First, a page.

The race in Yamaguchi Prefecture between Tetsunari Iida, the founder of a renewable energy research institute and a leading figure in Japan's emerging antinuclear movement, and Shigetaro Yamamoto, a conservative former government official, had been seen as a test of how much the grass-roots protest movement had influenced public opinion.
This is the part that could use a little more elaboration.
Although Mr. Iida lost, the results were encouraging for the antinuclear camp, with a strong showing in a region considered to be a conservative stronghold. With 99 percent of the votes counted, Mr. Yamamoto had received 252,420 votes, or 47.6 percent, to Mr. Iida's 185,567 votes, or 35 percent, according to the public broadcaster NHK.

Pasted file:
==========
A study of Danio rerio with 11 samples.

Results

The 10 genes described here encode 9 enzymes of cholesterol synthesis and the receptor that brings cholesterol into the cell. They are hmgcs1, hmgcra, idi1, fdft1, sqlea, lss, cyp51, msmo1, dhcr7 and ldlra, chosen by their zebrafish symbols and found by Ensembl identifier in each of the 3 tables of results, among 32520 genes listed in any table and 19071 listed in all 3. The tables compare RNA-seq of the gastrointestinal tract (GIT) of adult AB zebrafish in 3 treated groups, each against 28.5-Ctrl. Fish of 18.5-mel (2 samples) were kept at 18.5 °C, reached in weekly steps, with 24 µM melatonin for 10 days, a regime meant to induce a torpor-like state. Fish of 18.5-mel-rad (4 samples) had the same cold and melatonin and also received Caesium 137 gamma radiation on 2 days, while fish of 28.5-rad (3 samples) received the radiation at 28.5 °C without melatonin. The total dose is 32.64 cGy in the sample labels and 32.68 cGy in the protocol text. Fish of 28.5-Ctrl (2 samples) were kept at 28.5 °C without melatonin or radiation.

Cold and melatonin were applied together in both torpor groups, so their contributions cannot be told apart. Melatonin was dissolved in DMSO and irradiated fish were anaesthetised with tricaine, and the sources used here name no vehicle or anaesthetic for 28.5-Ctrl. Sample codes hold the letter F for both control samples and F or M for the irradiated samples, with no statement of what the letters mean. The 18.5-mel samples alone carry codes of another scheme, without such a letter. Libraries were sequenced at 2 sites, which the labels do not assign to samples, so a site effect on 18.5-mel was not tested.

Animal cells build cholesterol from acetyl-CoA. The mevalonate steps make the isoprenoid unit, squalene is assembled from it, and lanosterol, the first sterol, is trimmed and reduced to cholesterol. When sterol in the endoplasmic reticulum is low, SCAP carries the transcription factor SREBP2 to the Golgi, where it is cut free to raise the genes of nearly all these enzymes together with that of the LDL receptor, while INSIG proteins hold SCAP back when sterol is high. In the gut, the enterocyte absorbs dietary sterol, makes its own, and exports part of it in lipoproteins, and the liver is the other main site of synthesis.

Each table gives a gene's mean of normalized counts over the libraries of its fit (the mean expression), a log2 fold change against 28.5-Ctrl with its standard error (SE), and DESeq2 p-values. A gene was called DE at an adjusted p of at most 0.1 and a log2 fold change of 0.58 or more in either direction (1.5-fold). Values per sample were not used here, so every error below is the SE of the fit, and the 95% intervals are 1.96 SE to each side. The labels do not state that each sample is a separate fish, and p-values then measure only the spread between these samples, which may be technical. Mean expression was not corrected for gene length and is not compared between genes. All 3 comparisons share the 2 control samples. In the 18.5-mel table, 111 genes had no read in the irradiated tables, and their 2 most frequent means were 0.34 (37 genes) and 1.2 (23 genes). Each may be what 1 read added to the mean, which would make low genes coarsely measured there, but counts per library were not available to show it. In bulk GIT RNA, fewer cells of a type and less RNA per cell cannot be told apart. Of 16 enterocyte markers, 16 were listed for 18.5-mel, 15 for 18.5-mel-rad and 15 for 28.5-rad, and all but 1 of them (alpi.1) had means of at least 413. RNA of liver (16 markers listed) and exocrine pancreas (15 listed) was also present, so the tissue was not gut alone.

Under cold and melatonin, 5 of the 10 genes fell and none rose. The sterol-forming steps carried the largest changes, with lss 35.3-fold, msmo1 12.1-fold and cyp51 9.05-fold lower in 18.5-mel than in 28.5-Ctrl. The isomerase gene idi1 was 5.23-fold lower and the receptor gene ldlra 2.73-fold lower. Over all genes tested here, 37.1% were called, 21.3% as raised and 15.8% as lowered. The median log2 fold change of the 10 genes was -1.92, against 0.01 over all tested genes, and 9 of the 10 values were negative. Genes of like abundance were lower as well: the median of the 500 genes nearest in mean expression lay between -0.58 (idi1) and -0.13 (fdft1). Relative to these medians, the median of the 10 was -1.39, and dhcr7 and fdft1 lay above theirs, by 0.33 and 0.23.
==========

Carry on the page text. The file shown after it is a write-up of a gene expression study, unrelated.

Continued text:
I assume conservative candidates usually win in Yamaguchi with a higher proportion of the vote, but however you slice it, 35 percent is a dreadful number. To put a different spin on this – and this is about politics, so the name of the game is spin – Iida may have run as a single subject, anti-nuclear energy candidate. Single issue candidates rarely win because constituent interests run to more than one issue in almost any given election.
But, really, what does it matter? If the anti-nuclear crowd wanted this to be a referendum, so be it. They lost. They don’t get to turn a miserable drubbing into some kind of symbolic victory. They get to eat dust for dinner. That’s what happens when you lose. That’s politics.
Tetsunari Iida. We’re being a little harsh here, but really, Mr. Iida may be a perfectly viable candidate in a different context. More issues and close attention to prospective constituents and their needs may do the trick for him, even in a district not in total sync with his views.